Some call it a witch hunt; other’s say it’s a matter of accountability. Either way, it appears sooner rather than later, White House CTO Todd Park will find himself testifying before the U.S. House of Representatives for his efforts in fixing Healthcare.gov.
After two previous requests were declined by the White House, Rep. Darrell Issa, chairman of the House Oversight and Government Reform Committee, has subpoenaed Park to testify on Wednesday for his leadership role in attempting to fix Healthcare.gov.
Park follows Health and Human Services Secretary Kathleen Sebelius, who was subpoenaed by Issa on Oct. 31 for documentation on the site, which has failed to enroll applicants in health-care insurance plans linked to the Affordable Care Act, legislation that will require most Americans to have health insurance by 2014.
According to a Reuters article, Donna Pignatelli, assistant director for legislative affairs in the White House Office of Science and Technology Policy, said Park has been willing to meet with Issa’s staff informally in late November, after the site’s deadline for functionality on Nov. 30, and is also willing to testify within the first two weeks of December.
"Because Mr. Park is currently occupied full time on the critically important work of improving the website for the millions of Americans seeking affordable health insurance options, his testimony needs to be scheduled at a time that is less disruptive to that work," Pignatelli said in a letter responding to Issa.
Despite the White House's call for Park’s continued work on the site, Issa is unlikely to overturn his subpoena, seeing the delay as a lack of transparency and accountability. In his letter to Park, Reuters recorded Issa rebuffing Park for his willingness to speak with The New York Times and not government officials.
"You are the only invited witness who remains unwilling to appear voluntarily. … I am left with no choice but to compel your appearance,” Issa wrote in his letter to Park.
The conflict has been gaining momentum as advocates on both sides of the issue have become more vocal -- most notably, Democratic Reps. Elijah Cummings, ranking member of the House Committee on Oversight and Government Reform, and Gerald Connolly, ranking member of the Subcommittee on Government Operations.
In a letter to Issa, the two denounced Issa’s subpoena as “unnecessary and misguided” while at the same time underlining Park’s need to remain focused on the “lion’s share” of the site fixes.
“The evidence before our committee demonstrates that Mr. Park is an honest and exemplary public servant, and your unsubstantiated public attacks against his integrity are a deficient basis on which to justify a subpoena against him,” the representatives wrote.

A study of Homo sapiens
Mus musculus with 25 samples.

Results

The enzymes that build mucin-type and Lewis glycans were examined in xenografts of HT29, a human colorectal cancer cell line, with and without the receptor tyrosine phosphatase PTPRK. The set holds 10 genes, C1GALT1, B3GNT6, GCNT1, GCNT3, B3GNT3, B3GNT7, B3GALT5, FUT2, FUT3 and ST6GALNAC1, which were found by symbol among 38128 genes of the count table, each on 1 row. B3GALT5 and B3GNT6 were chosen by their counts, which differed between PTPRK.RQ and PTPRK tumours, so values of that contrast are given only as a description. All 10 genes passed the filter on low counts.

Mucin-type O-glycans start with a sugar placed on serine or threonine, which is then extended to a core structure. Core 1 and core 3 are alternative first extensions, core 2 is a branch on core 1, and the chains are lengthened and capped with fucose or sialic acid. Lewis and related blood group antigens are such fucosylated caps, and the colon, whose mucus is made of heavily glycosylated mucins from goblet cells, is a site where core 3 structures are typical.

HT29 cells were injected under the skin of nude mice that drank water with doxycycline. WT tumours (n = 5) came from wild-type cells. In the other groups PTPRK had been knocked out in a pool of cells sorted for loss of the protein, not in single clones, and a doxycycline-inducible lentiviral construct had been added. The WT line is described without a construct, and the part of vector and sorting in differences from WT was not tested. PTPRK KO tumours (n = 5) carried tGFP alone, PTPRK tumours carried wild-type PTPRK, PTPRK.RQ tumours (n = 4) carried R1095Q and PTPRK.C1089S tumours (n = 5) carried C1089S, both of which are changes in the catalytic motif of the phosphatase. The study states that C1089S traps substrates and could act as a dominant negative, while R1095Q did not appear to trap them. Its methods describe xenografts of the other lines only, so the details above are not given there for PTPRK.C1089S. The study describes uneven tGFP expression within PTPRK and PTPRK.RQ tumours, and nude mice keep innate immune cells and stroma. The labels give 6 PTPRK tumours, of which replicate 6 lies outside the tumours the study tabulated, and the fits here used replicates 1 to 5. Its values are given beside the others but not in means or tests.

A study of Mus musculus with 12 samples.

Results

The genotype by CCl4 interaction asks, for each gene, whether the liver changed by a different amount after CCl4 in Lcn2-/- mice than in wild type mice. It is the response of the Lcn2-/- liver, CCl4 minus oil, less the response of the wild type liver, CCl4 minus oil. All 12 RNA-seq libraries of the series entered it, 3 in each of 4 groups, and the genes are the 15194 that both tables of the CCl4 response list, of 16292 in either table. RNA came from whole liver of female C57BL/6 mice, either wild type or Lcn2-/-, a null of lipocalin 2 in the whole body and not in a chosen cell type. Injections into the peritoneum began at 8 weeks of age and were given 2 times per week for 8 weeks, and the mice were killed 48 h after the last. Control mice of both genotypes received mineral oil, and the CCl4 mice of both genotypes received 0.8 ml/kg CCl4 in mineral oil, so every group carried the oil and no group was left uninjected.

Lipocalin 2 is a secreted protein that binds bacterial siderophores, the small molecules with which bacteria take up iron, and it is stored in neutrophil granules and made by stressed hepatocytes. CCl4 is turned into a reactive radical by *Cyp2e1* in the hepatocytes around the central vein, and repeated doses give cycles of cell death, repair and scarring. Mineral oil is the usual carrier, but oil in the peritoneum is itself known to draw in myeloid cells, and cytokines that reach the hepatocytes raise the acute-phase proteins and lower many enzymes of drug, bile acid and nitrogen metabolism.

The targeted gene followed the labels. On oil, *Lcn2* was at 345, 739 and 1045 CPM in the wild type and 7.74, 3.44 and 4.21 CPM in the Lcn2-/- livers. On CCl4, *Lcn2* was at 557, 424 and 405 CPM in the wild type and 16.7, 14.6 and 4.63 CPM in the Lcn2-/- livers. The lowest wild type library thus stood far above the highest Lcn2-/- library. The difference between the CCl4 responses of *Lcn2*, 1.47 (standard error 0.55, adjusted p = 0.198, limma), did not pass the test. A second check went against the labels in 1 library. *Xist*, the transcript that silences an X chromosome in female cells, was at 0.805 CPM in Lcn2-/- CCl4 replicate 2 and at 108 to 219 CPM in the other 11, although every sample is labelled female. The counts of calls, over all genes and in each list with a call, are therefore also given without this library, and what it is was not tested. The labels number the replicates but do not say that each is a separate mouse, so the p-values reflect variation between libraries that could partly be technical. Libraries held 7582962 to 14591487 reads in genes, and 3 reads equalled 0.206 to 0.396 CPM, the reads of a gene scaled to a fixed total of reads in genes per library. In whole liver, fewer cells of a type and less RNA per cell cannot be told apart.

The letter also criticized Issa for commentary made on Fox News where he labeled Park’s work on the site as “a pattern of interference and false statements.”
In the Fox interview, Issa alleged Park knew beforehand that the site could not handle the amount of visitors that would potentially use it.
“This was a still-born site, which means this was a failure to launch that they knew about on Sept. 30 and went ahead anyway,” Issa said, referring to an early capacity test that identified the total number of visitors that could access the site at a given time as 1,100.
Cummings and Connolly wrote in their statement that Issa had misunderstood previous user capacity reports for the site, and that according to Henry Chao, deputy CIO of the Centers for Medicare and Medicaid Services, final pre-launch visitor estimates were much higher at around 58,000 users.
Social Media Help
As further support for Park, a new social media campaign site, titled Let Todd Work
, has been created to advocate Park’s continued focus on Healthcare.gov. The site, as of Tuesday afternoon, has gained the support of more than 1,200 people via Facebook and Twitter.
According to The Atlantic
, the site was launched by two White House innovation fellows, Clay Johnson and Adam Becker, and former White House art director Michael Aleo. On its home page is a statement crediting Park for his past IT initiatives such as the Health Data Initiative, a program designed to use health information for potential IT applications, and Park’s Blue Button initiative that provided a way for companies and organizations to offer patient’s access to their health records.
“Now, instead of continuing to fix Healthcare.gov (a mess he did not make),” the statement reads, “Mr. Park has to spend his hours preparing for his testimony.”
Prior to his post as the White House deputy CTO, Park co-founded Athenahealth, a health IT company, and also co-founded Castlight, a Web-based health-care shopping service for consumers. In health policy issues, Park was a senior fellow at the Center for American Progress, where he focused on health IT and health reform policy.